JALANDHAR: The families of four Sikh youths killed by Punjab police officers at Nakodar in 1986 allege that the Captain Amarinder Singh led Congress government failed to take any action into the killings despite being promising a probe during the last year general elections.

The families made the statement on Tuesday during a press conference at the Punjab Press Club in Jalandhar on the occasion of 34th death anniversary of the massacre.

Addressing the press conference, Shaheed Bhai Ravinder Singh Littran’s father Bapu Baldev Singh said that Captain Amarinder Singh and Jalandhar MP Santokh Singh had promised a probe into the incident last year, but till date, no action has been initiated

He further alleged the former Chief Minister Parkash Singh Badal had protected officers responsible for the firing and now Chief Minister Amarinder Singh’s government was denying them justice, stating:

“There are striking similarities between Bargari sacrilege-Behbal Kalan police firing case and the Nakodar case. In 1986 too, students were peacefully protesting after burning of Birs of Guru Granth Sahib in a gurdwara. In both cases, justice is being denied.”

The families said that the state government is not sharing the second part of Justice Gurnam Singh commission’s report as it failed to trace the case. They demanded that the state government should bring to justice erring officials who were named in Justice Gurnam Singh’s report.

In August last, Punjab and Haryana high court had also ordered the home department of the state government to make available the second part of the commission report to the petitioner.

The four Sikh youth killed by police on 4 February 1986 were Shaheed Bhai Ravinder Singh Littran, Shaheed Bhai Baldhir Singh Ramgarh, Shaheed Bhai Jhilman Singh Gorsian and Shaheed Bhai Harminder Singh Chaluper.

Officers of the Punjab police had fired at people demonstrating against the sacrilege of Sri Guru Granth Sahib Ji which had been desecrated at Sri Guru Arjan Dev Gurdwara, Nakodar on February 2, 1986.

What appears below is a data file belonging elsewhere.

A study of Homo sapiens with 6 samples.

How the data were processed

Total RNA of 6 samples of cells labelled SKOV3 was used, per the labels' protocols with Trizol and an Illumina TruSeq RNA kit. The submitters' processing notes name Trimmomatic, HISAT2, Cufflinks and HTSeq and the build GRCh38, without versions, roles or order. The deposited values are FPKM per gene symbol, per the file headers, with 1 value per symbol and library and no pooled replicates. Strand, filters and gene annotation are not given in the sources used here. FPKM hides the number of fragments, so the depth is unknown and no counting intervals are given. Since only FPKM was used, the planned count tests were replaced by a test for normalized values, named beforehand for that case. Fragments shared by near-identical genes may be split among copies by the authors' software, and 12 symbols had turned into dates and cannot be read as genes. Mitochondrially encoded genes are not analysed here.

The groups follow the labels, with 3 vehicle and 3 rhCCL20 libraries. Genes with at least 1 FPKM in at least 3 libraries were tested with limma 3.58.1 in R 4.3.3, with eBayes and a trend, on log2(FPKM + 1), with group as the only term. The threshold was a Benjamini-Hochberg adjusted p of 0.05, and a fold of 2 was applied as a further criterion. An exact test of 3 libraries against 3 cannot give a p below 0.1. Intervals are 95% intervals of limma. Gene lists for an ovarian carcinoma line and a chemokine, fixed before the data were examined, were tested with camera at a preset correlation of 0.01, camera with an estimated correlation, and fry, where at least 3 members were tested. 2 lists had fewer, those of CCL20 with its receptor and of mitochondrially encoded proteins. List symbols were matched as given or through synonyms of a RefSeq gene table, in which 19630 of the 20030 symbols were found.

The then Akali government had set up a commission of inquiry to find out if the police firing was unwarranted. The commission’s report was neither made public, nor any action taken on its findings. The report was tabled in the 2001 Punjab assembly by the SAD government.

Bapu Baldev Singh states that after former MLA H S Phoolka and Kharar legislator Kanwar Sandhu raised the issue in the Punjab assembly last year, sleuths of state intelligence department approached him to talk about compensation.

“I told them to arrange a meeting with the CM, so that I could tell him how the four young Sikhs were gunned down. One of them was killed in police custody. Police had even refused to give their bodies for cremation,” he said.

He said they could procure one part of the Justice Gurnam Singh Commission’s report, which was formed by the then Surjit Singh Barnala government to probe the incident, but the second part of the report had gone missing. He said the second part contained affidavits and statements of witnesses which incriminated police officers.

“It is not available in Punjab assembly records. We have been chasing other files related to the case too, but crucial records have gone missing. Punjab government should order a time-bound probe to prosecute officers and find out how the second part of the probe could go missing,” he said.

Advocate Satnam Singh Bains, who has been working on Punjab Documentation and Advocacy Project, said when reports of even the British period were available in records or archives, it was difficult to understand how reports and records of 1986 could go missing.

“Even General Dyer faced court martial. But, in this case, Punjab Police officers were allowed to go scot-free, even as they killed four youths in firing without any provocation. The British government gave compensation to the victims of Jallianwala Bagh,” he said. “In this case also, state government should announce a compensation and order a time-bound probe,” he added.

 

Elsewhere, students of Lyallpur Khalsa College in Jalandhar held a peaceful demonstration outside the college to commemorate the 34th anniversary of the massacre. The demonstration was attended by family members of the victims alongside students and youth from various organisations.